We are extremely proud to be a Partner School of the Institute for Research in Schools. Our involvement with this organisation means that CSMS students have access to big data from a huge number of incredible projects and undertake their own original research, writing an academic paper and submitting it for publication. This research can also be used as the basis for an Extended Project Qualification.
Some examples of the research that students from CSMS have been part of include: using data from the International Space Station to discover and predict background radiation at different locations on the globe; using a university-grade particle detector of the type used at CERN to investigate background radiation at different heights in the UK and in Singapore (joint project with National Junior College, Singapore); using a carbon monoxide detector to map CO in Cornwall and mapping the genome of the Human Whipworm through the Genome Decoders project.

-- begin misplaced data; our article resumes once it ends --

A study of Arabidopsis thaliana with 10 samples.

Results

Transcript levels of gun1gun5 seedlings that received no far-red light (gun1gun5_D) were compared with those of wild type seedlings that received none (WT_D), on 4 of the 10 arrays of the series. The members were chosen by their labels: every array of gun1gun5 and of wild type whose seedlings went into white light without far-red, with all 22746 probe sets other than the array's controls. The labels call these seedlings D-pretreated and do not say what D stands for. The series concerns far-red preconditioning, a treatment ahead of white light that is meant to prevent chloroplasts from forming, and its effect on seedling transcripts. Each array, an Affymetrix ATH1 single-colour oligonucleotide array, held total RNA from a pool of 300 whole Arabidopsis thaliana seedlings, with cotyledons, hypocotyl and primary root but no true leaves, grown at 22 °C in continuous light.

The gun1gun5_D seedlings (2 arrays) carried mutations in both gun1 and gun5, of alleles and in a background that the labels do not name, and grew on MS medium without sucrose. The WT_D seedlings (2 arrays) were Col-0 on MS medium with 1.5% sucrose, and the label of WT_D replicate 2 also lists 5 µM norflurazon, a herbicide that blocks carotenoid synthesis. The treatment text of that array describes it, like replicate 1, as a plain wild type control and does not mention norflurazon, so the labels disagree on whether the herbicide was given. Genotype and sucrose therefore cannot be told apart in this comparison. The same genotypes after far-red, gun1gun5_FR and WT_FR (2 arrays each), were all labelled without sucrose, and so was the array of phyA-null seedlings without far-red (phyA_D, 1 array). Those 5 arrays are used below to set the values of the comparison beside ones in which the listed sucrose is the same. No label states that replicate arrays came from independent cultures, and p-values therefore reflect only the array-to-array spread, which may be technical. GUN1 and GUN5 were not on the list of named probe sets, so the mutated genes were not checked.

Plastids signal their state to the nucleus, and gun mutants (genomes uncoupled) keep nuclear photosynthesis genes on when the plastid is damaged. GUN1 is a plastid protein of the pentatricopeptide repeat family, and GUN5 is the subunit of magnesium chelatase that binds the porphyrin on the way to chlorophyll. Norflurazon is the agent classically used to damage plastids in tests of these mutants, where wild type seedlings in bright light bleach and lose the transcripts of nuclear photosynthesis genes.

One of our students, Meghan, had amazing success with her Extended Project Qualification investigation. She asked the question ‘Are puzzle-solving techniques different between a human imprinted and non-human imprinted rook?’ She designed and constructed a puzzle box, where rooks had to pull a specific pin from the structure to release the food. She spent much of the Easter Break recording the behaviour of the rooks and this awesome footage is the fantastic moment that the first rook solved her puzzle!
Meghan was in regular contact with Professor Nicky Clayton from the University of Cambridge while she was doing her research. Professor Clayton also carries out research into the intelligence of Corvids.